Courtesy of Amtrak
Courtesy of Amtrak
It’s been more than half a century since “beautiful” and “Penn Station” were used in the same sentence.
New York’s maligned train station just got a major upgrade.
Unless you visited New York City before the 1960s, traveling through Penn Station meant navigating a dismal subterranean maze below Madison Square Garden. Now, more than a half century after the original Beaux-Arts style train station was razed, Penn Station has regained some of its former splendor with the opening of the new Moynihan Train Hall on January 1, 2021.
Located inside the old Farley Post Office building, the new train hall is named after the late senator Daniel Patrick Moynihan, who championed this project as early as the 1990s. The former postal building—built in 1912 by the same architects as the original Penn Station—is located just across from Madison Square Garden and connects to Penn Station underneath Eighth Avenue.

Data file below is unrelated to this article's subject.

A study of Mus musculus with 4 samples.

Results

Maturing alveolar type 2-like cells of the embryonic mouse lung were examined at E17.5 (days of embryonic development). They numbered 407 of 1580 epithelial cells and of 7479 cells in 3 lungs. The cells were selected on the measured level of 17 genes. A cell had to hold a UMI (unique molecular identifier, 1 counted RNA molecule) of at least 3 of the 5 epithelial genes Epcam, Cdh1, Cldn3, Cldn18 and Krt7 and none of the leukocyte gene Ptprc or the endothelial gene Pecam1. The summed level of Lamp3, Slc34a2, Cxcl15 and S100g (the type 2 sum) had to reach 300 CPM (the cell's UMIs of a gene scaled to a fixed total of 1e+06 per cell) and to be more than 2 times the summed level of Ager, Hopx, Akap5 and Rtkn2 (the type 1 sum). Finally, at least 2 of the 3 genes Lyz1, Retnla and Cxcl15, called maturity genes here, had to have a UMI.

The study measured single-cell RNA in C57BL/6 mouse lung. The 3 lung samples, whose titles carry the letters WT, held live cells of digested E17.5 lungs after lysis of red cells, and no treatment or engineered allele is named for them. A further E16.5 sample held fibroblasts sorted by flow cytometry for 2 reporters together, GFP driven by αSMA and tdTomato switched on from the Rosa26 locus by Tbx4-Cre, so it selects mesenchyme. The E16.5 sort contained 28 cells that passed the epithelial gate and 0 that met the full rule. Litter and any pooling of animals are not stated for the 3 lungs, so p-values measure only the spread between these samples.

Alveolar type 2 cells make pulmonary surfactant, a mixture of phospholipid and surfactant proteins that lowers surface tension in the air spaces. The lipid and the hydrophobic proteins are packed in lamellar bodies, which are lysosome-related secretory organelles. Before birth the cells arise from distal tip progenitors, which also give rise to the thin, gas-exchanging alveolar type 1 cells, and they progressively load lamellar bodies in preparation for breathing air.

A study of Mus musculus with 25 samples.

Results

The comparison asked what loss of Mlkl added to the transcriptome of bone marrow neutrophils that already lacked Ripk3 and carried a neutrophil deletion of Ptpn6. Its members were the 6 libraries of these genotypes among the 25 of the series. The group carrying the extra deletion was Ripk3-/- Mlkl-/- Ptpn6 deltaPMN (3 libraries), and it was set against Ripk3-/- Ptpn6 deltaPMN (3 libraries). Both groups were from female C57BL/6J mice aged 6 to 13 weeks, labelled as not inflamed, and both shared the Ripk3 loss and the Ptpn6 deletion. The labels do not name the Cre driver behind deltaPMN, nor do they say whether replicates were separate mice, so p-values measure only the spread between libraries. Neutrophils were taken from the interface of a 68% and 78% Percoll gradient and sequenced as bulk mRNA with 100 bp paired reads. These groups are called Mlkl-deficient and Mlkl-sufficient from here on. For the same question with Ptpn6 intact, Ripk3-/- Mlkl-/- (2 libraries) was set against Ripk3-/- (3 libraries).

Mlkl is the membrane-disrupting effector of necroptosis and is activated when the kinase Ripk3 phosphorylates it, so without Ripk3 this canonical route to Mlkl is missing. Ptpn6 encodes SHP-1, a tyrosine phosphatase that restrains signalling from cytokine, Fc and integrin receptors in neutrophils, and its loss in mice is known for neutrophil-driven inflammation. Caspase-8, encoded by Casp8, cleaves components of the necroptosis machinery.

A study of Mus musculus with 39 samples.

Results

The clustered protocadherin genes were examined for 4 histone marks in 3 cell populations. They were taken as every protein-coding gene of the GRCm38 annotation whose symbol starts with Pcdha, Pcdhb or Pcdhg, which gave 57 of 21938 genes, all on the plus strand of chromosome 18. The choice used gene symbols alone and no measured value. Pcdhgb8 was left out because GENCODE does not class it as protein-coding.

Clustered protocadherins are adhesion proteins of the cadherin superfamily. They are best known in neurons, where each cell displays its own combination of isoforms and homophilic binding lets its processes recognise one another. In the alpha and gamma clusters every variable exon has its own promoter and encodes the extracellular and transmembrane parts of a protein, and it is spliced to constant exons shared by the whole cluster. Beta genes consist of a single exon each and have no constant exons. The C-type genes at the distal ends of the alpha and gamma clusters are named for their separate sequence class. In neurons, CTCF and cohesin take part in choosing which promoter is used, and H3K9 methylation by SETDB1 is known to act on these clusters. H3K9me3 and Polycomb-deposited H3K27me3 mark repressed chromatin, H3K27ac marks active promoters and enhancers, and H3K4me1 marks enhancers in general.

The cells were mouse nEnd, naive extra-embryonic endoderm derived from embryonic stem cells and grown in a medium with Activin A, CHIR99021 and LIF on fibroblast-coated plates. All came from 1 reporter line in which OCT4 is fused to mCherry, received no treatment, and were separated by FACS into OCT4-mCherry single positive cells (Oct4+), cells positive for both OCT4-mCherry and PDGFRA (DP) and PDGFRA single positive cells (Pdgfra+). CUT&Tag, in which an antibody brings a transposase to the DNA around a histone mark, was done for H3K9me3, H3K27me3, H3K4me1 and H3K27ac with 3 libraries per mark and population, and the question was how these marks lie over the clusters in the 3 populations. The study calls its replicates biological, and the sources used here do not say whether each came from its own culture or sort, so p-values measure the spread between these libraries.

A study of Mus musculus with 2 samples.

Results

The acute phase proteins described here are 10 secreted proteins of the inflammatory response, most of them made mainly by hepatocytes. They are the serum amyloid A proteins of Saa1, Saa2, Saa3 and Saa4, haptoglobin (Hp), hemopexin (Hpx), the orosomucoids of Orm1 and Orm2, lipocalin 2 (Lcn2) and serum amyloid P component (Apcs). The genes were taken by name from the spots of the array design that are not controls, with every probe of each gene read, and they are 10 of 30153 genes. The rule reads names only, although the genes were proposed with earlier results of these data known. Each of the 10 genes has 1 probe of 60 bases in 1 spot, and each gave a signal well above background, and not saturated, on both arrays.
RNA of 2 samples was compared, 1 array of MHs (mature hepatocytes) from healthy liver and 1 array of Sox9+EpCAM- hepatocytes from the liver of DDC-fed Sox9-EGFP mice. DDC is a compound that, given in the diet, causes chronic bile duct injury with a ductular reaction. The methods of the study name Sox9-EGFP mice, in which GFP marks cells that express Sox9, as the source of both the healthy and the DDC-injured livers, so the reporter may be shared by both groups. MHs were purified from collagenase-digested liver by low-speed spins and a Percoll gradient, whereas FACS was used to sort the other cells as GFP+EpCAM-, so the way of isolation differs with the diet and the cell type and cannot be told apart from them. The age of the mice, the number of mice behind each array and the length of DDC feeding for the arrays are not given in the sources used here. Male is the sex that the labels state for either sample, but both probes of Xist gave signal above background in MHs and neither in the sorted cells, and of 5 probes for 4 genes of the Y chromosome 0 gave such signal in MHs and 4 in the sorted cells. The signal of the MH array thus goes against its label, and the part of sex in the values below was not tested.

The 255,000-square-foot boarding concourse features a nearly 100-foot-high skylight underneath which passengers will be able to catch both Long Island Rail Road (LIRR) and Amtrak trains, including the new Acela fleet set to debut in late 2021. Commuters using New Jersey Transit can also access those trains through connected passageways underneath Eighth Avenue to the existing parts of Penn Station.
Additionally, Amtrak has opened new ticket offices, baggage areas, and customer waiting rooms, including its flagship Metropolitan Lounge for passengers traveling in Amtrak premium cabins like Acela First Class or sleeping cars. Even if you’re not catching a train, the new concourse is worth visiting to admire installations by such renowned artists as Kehinde Wiley, Stan Douglas, and Elmgreen & Dragset.